My dog has been having the symptoms of hypoglycemia for most of his life, which have started becoming severe lately. He has a serious food aversion from an illness he had as a puppy, so he tends to miss meals and be an extremely picky eater (an issue we are constantly working on). There are times he may go without eating much for nearly 24 hours and when this happens I give when Nutri-Cal or a product called Stat. But, he has started having seizures, which begin with odd behavior if he goes longer than 12 hours without food now. The behaviors are standing & staring at the corner of walls/doors, running crazy, & vomiting yellow-brown foam. His blood sugar tests are normal & all other tests were normal, so what might be causing these low blood sugar-like episodes and seizures?
(We have an appointment with our local vet per instructions of the specialist to get a prescription for Mirtazipine for his appetite).
CT of Abdomen: All organs normal, except dog has a Pelvic Bladder
Other pertinent test results
(He has had an ongoing undetected UTI for most of his life. Urine is being cultured for proper medication to treat.)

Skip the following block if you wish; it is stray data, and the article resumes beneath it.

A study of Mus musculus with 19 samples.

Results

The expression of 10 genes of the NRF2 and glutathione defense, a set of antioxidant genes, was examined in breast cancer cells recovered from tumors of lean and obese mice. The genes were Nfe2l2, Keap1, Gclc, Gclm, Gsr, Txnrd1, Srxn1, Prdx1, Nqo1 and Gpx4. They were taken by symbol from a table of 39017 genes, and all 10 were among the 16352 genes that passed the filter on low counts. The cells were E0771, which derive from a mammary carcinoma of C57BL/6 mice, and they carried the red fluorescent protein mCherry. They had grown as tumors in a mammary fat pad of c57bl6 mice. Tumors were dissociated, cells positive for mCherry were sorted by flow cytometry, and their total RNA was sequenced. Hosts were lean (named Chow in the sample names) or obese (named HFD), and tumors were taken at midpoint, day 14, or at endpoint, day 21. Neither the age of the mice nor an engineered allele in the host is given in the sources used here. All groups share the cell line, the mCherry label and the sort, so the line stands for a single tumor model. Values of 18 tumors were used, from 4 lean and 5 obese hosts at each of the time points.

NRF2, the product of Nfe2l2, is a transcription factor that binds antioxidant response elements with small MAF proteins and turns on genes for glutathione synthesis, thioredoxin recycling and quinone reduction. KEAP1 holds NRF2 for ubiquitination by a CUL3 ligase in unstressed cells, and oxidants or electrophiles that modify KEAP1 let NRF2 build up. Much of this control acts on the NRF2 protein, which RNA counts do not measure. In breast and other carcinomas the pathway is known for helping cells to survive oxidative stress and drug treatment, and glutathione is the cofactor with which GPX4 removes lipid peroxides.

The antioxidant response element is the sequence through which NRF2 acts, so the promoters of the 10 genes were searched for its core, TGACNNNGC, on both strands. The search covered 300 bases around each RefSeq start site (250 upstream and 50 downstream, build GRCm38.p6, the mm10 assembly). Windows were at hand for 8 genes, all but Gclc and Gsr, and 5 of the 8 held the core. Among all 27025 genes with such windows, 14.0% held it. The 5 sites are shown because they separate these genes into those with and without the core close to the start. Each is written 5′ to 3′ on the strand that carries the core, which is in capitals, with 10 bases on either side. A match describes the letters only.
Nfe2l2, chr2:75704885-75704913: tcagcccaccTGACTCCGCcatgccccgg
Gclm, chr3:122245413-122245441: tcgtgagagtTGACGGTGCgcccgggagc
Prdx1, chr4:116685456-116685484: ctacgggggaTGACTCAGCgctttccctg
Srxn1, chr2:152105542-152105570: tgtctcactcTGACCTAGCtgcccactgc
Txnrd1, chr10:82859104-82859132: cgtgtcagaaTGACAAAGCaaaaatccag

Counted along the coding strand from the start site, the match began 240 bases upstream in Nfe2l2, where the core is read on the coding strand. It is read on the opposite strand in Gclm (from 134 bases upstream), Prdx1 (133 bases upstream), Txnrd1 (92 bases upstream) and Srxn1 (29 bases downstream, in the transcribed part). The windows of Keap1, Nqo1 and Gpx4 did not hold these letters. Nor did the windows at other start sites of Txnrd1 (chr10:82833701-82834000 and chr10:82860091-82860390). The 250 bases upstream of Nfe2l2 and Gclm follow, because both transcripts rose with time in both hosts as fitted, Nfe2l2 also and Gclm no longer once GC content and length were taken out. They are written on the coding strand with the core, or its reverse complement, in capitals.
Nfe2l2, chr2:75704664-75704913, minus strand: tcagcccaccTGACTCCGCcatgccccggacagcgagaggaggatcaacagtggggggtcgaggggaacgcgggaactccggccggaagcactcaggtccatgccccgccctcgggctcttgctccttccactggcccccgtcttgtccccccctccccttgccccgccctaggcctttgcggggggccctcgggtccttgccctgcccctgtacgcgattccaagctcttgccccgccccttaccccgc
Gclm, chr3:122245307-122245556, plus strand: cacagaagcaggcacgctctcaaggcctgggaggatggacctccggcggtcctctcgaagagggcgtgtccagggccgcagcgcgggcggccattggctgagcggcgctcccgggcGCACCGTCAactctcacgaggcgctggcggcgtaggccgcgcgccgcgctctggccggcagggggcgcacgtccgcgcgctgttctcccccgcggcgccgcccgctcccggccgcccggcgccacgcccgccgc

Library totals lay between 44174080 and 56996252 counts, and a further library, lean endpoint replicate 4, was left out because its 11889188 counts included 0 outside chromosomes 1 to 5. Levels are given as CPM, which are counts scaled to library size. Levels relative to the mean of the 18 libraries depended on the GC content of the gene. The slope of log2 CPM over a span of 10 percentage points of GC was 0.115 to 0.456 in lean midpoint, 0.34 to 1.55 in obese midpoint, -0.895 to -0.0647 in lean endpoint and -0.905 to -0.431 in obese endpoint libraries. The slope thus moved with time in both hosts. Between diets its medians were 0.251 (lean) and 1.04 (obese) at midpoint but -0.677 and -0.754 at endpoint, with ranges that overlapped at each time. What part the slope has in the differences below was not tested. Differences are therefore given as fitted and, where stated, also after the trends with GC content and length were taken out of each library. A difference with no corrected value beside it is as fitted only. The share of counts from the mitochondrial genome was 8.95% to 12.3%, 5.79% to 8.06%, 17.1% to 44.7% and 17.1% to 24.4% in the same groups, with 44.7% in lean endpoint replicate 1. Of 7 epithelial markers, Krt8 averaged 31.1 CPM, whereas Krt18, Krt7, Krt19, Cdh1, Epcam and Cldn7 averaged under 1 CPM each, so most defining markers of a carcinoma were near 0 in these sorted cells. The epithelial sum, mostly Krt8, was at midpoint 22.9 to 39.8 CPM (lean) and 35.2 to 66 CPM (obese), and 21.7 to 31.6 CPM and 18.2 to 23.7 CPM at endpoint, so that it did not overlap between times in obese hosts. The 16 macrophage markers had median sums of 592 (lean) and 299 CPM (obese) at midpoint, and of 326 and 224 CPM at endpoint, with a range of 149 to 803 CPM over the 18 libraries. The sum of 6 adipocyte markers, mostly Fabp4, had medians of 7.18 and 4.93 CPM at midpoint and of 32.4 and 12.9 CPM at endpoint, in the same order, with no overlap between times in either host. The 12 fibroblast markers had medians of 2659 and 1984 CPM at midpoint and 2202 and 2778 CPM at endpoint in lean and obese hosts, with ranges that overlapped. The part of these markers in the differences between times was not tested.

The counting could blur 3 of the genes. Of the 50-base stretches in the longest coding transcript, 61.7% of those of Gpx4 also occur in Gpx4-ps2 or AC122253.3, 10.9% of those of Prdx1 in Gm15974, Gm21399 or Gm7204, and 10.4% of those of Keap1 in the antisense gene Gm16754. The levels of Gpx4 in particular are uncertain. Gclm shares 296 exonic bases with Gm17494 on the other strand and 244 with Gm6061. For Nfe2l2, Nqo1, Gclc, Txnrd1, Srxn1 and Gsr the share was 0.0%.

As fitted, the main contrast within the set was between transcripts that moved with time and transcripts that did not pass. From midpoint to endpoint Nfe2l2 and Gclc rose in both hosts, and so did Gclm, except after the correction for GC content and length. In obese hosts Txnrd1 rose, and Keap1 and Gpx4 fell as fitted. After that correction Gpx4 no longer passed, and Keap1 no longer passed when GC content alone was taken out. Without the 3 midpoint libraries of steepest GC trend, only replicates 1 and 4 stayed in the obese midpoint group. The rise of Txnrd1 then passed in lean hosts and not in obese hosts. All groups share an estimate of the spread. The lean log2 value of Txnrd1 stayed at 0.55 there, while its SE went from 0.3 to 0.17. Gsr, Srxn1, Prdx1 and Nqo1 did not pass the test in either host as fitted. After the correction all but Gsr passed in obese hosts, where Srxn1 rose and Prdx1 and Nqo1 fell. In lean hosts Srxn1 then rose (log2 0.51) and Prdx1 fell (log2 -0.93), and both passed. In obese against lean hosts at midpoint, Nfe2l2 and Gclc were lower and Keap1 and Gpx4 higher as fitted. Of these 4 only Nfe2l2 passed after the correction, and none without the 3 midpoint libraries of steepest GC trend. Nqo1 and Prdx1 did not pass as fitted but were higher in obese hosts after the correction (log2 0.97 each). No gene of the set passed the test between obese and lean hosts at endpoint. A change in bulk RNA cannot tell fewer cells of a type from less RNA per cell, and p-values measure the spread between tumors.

WBC - Neg
Bilirubin - 2+
Urobilirubin - Norm
Absorbic Acid - 2+
Spec Grav - 1.021
Protein - 30
pH - 5.0
Nitrite - Neg
Blood - Neg
Ketones - Neg
Glucose - Neg
Sediment - Yes
Crystals - Positive
This is a very tricky case and I am not sure how much help I will be. Chronic hypoglycemia is often due to a hormonal imbalance or for older dogs a tumor attached to the pancreas (insulinoma). But in this case I wonder if your dog has epilepsy and is seizuring/hallucinating (staring at the wall) and the sympotms are being confused with a low blood sugar level. Hypoglycemia can cause seizures however primary epilepsy is more common. The neurologist will be able to help a lot. Good luck.
Thank you for your response. We have discovered that he has epilepsy and it was probably triggered by the first vaccine he received as a puppy. His brother had a severe reaction to the same vaccine, but my pup's reaction wasn't as noticeable at the time so it went undiagnosed. I'm told it is rather common in some toy breed puppies when they get their first vaccines. We are hoping it will not get any worse, as now he only has seizures a few times a month and the vet wants to take a wait and watch approach for now.